Money 20/20: DeFi is ‘really risky’ without regulation, says HSBC exec

There should be a balance between regulation and innovation in decentralised finance (DeFi) , the head of FinTech partnerships at HSBC has said.

During a panel discussion at Money 20/20 in Amsterdam, Rita Martins warned that without regulation DeFi would be “really risky”.

In March, the Bank of England published a report which found that while the direct risks to the UK from cryptoassets and DeFi are “currently limited”, if the pace of growth seen in recent years continues and they become more interconnected with the wider financial system, this would change.

“With DeFi worth $100 billion, it’s clearly not a fad,” said Martins, explaining that it is important for banks and consumers to understand the technology and use cases behind DeFi.

She revealed that HSBC is exploring the technology internally and is currently hiring entrepreneurs outside of banking to help build decentralised solutions.

DeFi risks

Although responsibility to explain the risks should lie with DeFi platforms, Martins is concerned that consumers don’t really understand them.

However, she said that too much regulation could impact on innovation and if banks wait too long it might be too late to start the journey.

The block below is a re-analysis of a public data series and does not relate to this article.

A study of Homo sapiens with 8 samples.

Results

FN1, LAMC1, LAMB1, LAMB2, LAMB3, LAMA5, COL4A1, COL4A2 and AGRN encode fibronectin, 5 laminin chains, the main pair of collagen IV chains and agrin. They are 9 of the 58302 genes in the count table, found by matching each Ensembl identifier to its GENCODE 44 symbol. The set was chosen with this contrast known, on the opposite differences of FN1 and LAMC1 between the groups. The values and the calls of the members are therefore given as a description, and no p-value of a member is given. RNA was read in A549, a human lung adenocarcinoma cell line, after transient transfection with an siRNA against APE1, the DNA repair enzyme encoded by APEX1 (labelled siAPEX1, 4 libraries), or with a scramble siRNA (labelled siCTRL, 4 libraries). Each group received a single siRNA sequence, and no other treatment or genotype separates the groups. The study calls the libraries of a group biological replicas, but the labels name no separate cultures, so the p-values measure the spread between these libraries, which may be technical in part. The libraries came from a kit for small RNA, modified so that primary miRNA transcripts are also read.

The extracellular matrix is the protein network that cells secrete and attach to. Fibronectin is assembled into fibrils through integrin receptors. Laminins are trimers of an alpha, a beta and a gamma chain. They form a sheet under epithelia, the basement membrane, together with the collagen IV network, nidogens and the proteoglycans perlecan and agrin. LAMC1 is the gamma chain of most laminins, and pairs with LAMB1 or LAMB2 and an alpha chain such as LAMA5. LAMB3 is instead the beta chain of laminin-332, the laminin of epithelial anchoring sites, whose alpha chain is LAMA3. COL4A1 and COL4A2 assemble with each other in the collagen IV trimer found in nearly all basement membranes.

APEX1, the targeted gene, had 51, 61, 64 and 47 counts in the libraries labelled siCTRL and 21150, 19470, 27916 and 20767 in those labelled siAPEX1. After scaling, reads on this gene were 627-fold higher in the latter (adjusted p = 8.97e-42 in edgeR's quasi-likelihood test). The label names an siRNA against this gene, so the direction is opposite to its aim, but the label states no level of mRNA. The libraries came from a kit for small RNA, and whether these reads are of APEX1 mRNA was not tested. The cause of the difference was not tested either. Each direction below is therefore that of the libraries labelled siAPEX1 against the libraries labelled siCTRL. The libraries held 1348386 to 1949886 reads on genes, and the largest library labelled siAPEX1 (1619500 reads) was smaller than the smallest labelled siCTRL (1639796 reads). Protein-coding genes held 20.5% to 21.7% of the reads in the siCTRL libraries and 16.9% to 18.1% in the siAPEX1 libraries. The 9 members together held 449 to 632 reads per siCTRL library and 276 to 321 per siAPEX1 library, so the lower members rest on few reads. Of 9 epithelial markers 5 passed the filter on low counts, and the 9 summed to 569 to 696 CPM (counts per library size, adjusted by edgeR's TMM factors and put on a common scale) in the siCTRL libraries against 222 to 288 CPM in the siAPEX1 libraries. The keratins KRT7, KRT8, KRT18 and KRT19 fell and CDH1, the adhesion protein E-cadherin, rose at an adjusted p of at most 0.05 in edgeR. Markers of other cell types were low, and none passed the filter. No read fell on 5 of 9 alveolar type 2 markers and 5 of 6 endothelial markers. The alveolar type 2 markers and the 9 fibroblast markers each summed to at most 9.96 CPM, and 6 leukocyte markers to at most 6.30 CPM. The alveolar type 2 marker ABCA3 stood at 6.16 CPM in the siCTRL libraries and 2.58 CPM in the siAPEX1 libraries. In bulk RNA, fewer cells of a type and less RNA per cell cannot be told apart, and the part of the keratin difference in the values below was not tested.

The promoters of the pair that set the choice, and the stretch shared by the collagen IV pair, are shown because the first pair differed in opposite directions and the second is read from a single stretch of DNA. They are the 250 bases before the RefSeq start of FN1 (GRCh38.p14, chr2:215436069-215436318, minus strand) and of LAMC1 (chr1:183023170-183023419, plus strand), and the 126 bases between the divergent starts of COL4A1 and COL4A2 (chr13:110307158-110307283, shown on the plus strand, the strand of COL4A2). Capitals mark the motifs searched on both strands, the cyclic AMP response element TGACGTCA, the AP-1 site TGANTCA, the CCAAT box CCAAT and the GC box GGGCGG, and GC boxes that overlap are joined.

Regulation

The HSBC exec also asked whether existing regulatory processes should be used or if there should be a new standard.

Szymon Sypniewicz, chief executive of DeFi protocol firm Ramp, claimed the industry already has the tools to police decentralised finance but that there needs to be more enforcement action from regulators.

“Protect crypto as a place to build and experiment at the same time make sure consumers are informed about all the risks,” he said.

The head of product at Sommelier Finance said that the regulation framework should be standardised, mirroring other financial services like hedge funds, where users have access to “expected risk and returns”.

“The structure should be similar,” he said, adding that DeFi protocols should be responsible for educating on risk.

Tycho Onnasch, co-founder of Zest Protocol, said that the real problem with regulating DeFi is that it relies on liquidity pools – with other people able to take out of the pool or swap tokens against each other.

“How do you regulate that pool?,” he asked, suggesting that it would be better for regulators to publish a blacklist of unapproved companies.